Why does Australia use the Steyr AUG instead of the M4?

Why does Australia use the Steyr AUG instead of the M4?
Austeyr F88 with M203 grenade launcher (Photo: Wikipedia Commons)

The Australian Defence Forces use the Steyr AUG instead of the M4 because Australia has obtained a license from Steyr to build the AUG to their own specification (as the F88 Austeyr and now the F90). Colt would not let Australia obtain a license from them to build the M16A2, M4, or any other AR-15/M16 derivative. It also helped the extensive evaluation of the Steyr AUG vs M16A2 assault rifle in 1985.

F88 Austeyr is an Australian version of the Steyr AUG bullpup assault rifle
F88 Austeyr is an Australian version of the Steyr AUG bullpup assault rifle(Photo: Royal Australian Navy)

The F88 Austeyr assault rifle is the Australian Defence Forces (ADF) standard individual weapon.

Introduction

When the Australian military decided to replace the 7.62mm L1A1 SLR with a more modern combat rifle, it was decided to follow along with allied nations and choose a combat rifle chambered for 5.56 mm. During the selection phase, of all the rifles in testing, there was a strong preference for the M16A2 by many factions within Australia and the rumor was that the M16A2 was actually the preferred choice.

However, at that time Colt had suffered a serious setback when it lost out to FN of Belgium for the manufacture & supply of M16A2 rifles to the US military. Colt reacted to this by stating that if Australia wanted the M16A2, we would have to buy it from Colt. However, the Australian government has long maintained the need for local production (for the sake of self-sufficiency in small arms supply) and decided if Colt was not willing to let us build it locally, we would select another manufacturer that would let us make it locally.

Why does Australia use the Steyr AUG instead of the M4?
Why does Australia use the Steyr AUG instead of the M4: Steyr AUG, Aimpoint on a Bobro Engineering Mount, Hexmag with a Springer Precision Mag Extension (Photo: Imgur/AUGret)

Extensive evaluation of the Steyr AUG vs M16A2

Because, in 1985, the Australian Army did an extensive evaluation of the Steyr AUG A1 against the M16A2, and it won easily. In fact, there is a scanned copy of the original evaluation available online here. It concluded that “The results clearly demonstrated that from an engineering viewpoint the performance of the STEYR was significantly superior to the COLT in most respects; particularly in terms of endurance and adverse conditions.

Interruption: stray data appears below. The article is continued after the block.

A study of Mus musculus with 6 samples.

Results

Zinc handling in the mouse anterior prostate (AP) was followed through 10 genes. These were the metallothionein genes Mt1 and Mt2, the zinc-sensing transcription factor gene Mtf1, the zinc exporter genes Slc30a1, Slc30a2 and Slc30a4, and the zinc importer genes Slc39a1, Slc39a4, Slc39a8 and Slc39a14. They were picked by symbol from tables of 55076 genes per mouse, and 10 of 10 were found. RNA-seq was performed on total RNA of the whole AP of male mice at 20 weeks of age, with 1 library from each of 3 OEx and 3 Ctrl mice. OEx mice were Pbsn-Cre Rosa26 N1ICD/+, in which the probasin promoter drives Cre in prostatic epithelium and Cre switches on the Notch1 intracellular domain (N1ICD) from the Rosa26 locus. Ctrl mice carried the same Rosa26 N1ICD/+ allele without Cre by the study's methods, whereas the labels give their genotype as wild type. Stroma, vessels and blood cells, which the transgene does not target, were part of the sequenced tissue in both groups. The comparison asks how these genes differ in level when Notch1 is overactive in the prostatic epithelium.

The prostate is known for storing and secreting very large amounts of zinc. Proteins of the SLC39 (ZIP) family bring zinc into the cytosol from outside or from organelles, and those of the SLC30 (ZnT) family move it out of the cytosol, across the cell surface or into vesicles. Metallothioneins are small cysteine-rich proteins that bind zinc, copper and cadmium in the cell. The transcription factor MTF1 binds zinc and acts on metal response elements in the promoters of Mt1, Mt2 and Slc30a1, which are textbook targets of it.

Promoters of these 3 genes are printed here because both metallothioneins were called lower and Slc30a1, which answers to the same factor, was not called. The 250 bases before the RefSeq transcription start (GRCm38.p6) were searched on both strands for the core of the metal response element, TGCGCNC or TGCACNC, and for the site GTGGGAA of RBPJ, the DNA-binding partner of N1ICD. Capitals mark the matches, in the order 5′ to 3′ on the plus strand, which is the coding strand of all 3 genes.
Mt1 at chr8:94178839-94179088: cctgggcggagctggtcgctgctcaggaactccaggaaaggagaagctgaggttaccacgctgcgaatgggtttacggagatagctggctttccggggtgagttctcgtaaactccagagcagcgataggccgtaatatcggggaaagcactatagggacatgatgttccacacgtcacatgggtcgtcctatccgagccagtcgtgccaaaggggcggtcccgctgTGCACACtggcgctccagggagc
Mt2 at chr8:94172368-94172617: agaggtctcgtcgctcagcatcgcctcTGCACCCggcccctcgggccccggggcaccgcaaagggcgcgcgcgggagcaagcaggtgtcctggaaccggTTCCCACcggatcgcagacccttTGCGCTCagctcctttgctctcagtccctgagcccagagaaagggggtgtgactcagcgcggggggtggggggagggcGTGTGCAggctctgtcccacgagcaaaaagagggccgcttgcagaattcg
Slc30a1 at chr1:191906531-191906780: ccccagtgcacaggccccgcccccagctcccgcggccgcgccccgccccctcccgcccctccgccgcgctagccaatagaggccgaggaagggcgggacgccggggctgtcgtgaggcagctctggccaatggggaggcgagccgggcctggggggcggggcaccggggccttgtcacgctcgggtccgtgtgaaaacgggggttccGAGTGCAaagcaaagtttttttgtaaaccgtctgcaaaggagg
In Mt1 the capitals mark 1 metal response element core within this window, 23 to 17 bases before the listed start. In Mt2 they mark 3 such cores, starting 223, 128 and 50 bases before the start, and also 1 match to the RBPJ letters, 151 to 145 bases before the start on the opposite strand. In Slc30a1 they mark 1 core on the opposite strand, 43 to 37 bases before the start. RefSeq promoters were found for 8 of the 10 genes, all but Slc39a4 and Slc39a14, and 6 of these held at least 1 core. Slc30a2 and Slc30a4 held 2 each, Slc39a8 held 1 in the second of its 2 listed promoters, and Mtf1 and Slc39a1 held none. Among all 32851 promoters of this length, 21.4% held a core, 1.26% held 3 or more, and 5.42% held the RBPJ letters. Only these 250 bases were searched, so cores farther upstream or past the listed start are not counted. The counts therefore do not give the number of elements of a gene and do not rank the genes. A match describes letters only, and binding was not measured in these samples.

The STEYR AUG A1 is recommended as the system most closely satisfying the requirements of ASR 48.8, and is considered suitable for introduction into service without modification.”

It replaced the L1A1 and M16A1 in service.

Other assault rifles in Australian Defence Forces

However, the Australian military does use M4 and various AR variants (e.g. HK416) as well. Some Australian units in Iraq in 2006 were equipped with M4s, not Steyr (although there were plenty of those as well, for example, Australian protective details carried 9mm AUGs).

The Australian SASR and Special Forces refuse to use the Steyr and use the M4 instead. They say the gun is too difficult to use when wearing body armor, takes too long to reload under stress, and is too fragile for intense combat.

The Aussie Special Air Service Regiment (SASR) Operator standing guard somewhere in Afghanistan
The Aussie Special Air Service Regiment (SASR) Operator standing guard somewhere in Afghanistan (Photo: Wiki)

User review

I have used the SLR, the M16A1, M16A2, F88, M14, L85A1, and L2A1 AR (only listing the rifles as the other weapons aren’t really relevant to the question) in my time in the Australian Army Reserve and like anything in life, all of them have their strengths and weaknesses.

The only one I would not have recommended at the time was the A1 version of the L85 and only because they had not ironed out all the teething problems (I would have no such concerns with the L85A2 however). Personally, I had no problems with the F88 Austeyr and was happy enough to carry it but I dearly love the SLR and would have been more than happy to continue using it (and be “old school”!)